The pollsters and pundits all told me the May long weekend would be an important few days. They said to watch for movement in support for the three main parties in the Ontario election campaign. Now an IPSOS poll taken over the weekend suggests something is happening out there. The poll finds the NDP on the rise with 37 per cent of decided voters – an increase of two points over last week. The Progressive Conservatives slipped four points to 36 per cent and the Liberal party is holding onto 23 per cent of support. This is an online poll with a margin of error of +/- 3.5 per cent.

An analysis of recent Ontario polls by LISPOP released today still has the PCs on top. LISPOP takes recent polls and projects a seat count. Its analysis still gives the Progressive Conservatives a majority of seats but Barry Kay of LISPOP cautions, “while the Conservatives have the largest number of seats, a majority is by no means assured at the moment.” So, as they say, game on!

This will be an important week that leads up to what will be a high stakes television debate next Sunday evening. For the leaders it will be a long, challenging week with each one trying to sell a vision for Ontario. Now sitting in third place, Liberal Leader Kathleen Wynne has the biggest challenge.

Today, she put a brave face on saying the Liberals are committed to fighting for every riding across the province. Then she admitted what everyone knows saying, “This is a challenging election for us.” Wynne explained her party’s position on the sale of alcohol and cannabis. She talked of the need for a “responsible approach” and accused Progressive Conservative Leader Doug Ford of a plan that will put cannabis, wine and beer beside candy bars in corner stores. Then Wynne turned to the NDP platform saying it doesn’t fund various programs to deal with training and enforcement issues needed during the introduction of legal cannabis sales. Wynne spent half an hour talking about her policies and she answered 11 questions including follow ups on everything from recent polls, her campaign strategy and the faults of her opponents.

Andrea Horwath chose to talk about the need for skilled training programs. With that out of the way she turned her attention to Doug Ford and tried to minimize the attention on her party’s platform numbers not adding up. Horwath warned Ford wants to give $5 billion to the richest in Ontario while the NDP want to tax the very richest. On that big hole in the NDP platform numbers, she said she acknowledged the mistake. “We admitted it and were honest about it,” she said. Horwath then pointed out Ford still hasn’t presented his costed platform.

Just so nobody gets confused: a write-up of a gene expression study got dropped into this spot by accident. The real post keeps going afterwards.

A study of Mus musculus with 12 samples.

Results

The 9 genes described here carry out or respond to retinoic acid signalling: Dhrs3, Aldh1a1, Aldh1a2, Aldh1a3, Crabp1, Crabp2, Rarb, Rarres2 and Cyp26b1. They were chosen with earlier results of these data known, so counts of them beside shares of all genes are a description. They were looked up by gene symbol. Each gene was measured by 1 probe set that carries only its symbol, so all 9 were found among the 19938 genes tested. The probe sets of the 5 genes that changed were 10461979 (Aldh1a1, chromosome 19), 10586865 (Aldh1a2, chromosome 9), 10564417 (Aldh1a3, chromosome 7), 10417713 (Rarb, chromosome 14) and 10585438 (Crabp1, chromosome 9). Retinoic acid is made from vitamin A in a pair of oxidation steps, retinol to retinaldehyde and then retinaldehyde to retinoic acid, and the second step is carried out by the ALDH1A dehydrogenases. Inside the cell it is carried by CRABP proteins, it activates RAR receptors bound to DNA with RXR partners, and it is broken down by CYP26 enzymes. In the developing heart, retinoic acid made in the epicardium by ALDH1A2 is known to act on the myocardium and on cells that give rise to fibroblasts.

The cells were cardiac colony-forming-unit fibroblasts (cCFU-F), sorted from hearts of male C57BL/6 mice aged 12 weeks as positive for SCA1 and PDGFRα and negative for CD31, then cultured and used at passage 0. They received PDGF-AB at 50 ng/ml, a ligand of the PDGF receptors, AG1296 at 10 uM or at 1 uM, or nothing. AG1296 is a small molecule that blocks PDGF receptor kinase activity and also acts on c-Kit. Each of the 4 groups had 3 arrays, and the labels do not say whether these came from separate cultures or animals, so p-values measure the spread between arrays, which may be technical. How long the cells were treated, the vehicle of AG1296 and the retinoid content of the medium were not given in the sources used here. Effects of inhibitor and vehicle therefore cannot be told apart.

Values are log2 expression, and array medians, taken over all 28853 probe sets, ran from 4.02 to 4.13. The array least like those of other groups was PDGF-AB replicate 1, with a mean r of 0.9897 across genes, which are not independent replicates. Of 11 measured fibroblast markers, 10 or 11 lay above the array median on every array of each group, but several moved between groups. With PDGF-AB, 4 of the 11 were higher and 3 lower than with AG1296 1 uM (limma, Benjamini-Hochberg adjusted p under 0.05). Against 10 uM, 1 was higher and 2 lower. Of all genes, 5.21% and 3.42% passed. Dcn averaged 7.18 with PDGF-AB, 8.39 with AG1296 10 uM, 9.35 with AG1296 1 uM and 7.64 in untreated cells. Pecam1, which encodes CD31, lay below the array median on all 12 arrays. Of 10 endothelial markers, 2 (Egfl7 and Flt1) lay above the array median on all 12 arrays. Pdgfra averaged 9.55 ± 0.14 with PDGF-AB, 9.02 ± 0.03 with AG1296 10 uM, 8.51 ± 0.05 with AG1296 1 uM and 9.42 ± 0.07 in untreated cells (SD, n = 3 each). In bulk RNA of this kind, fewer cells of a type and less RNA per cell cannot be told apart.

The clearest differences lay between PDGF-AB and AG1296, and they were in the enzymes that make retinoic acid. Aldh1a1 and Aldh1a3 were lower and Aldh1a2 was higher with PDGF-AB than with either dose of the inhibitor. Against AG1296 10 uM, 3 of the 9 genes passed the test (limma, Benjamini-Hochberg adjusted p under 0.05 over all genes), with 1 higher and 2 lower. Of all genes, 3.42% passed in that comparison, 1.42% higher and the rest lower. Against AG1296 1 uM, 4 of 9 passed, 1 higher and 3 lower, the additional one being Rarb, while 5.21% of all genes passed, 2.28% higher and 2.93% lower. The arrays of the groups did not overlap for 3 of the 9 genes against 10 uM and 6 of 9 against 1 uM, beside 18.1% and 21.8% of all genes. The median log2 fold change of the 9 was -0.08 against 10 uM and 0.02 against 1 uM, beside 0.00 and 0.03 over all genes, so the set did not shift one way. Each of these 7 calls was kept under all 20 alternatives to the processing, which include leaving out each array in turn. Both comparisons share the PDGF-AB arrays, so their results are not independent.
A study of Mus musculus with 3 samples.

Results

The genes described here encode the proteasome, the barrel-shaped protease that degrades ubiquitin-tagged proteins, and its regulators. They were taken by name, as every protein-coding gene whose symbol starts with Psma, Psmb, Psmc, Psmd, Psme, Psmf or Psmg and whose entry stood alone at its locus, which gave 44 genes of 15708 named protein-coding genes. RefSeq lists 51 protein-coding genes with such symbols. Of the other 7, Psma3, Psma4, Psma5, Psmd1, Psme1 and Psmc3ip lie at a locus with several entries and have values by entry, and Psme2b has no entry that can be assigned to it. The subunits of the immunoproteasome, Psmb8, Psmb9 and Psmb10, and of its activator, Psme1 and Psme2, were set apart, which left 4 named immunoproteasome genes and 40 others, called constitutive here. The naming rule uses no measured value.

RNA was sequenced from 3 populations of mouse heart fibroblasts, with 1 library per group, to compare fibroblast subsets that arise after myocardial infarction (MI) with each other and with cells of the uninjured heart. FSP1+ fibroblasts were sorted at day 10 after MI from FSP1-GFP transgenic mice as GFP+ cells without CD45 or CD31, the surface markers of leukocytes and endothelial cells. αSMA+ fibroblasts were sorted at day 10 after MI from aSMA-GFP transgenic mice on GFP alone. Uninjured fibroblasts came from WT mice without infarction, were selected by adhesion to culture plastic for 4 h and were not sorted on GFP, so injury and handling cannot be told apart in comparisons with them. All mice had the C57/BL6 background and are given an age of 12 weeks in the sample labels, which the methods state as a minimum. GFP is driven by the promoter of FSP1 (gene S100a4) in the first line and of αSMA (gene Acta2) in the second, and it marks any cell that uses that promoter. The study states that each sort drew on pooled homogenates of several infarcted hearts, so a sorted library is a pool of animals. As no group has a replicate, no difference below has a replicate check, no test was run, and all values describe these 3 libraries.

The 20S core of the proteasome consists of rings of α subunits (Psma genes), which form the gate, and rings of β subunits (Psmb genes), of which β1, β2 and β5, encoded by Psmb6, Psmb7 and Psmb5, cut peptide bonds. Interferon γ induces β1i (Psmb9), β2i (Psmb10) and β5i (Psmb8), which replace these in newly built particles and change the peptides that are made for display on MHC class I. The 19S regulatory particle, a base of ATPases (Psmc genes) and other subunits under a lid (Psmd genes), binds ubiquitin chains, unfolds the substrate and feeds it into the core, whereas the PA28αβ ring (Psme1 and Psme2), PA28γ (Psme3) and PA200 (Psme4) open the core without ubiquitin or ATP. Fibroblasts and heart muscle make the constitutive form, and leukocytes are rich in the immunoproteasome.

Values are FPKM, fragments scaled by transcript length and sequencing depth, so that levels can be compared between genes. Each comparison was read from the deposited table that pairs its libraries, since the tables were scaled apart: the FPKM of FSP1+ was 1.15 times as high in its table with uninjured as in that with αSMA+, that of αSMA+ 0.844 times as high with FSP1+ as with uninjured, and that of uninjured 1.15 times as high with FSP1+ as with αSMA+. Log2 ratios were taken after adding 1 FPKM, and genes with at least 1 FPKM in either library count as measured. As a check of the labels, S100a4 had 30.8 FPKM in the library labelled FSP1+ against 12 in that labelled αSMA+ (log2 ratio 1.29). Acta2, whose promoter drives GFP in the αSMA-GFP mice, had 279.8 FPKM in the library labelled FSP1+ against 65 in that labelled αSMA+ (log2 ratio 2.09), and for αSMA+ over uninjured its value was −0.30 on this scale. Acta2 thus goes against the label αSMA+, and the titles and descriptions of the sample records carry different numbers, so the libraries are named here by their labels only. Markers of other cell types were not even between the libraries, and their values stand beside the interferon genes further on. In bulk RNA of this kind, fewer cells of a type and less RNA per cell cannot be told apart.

Pollster Nik Nanos, of Nanos Research, says the NDP platform accounting misstep could cost the NDP. In an interview on CP24 he said, “It’s important for the numbers to add up.” He went on to say it “creates a level of hesitation” in the minds of voters. Horwath also spent about half an hour with reporters and answered 14 questions on health care, taxes, her party’s platform mistake and making Ontario a sanctuary province.

Again today, Ford waited until the afternoon to make his first public appearance of the day. A month ago, Ford’s short statements attacked Wynne and the Liberals again and again. He ignored the NDP. Those polls are having an effect on the PC strategy. Today, Ford didn’t use the words “Liberal” or “Wynne” once. Instead, in a four minute statement attacking the NDP commitment to close the Pickering nuclear plant Ford repeatedly called the NDP “radical.” Ford went to Pickering to focus on the NDP proposal to close the plant. Ford made the future of the Pickering power plant all about jobs. He didn’t deal with the reality that the nuclear facility is now 47 years old – the fourth oldest in North America. Ford took five questions mostly about the continuing issues surrounding the revelation about the theft of data from 407 ETR and how PC candidates might be connected to it. His appearance this afternoon took less than nine minutes from start to finish.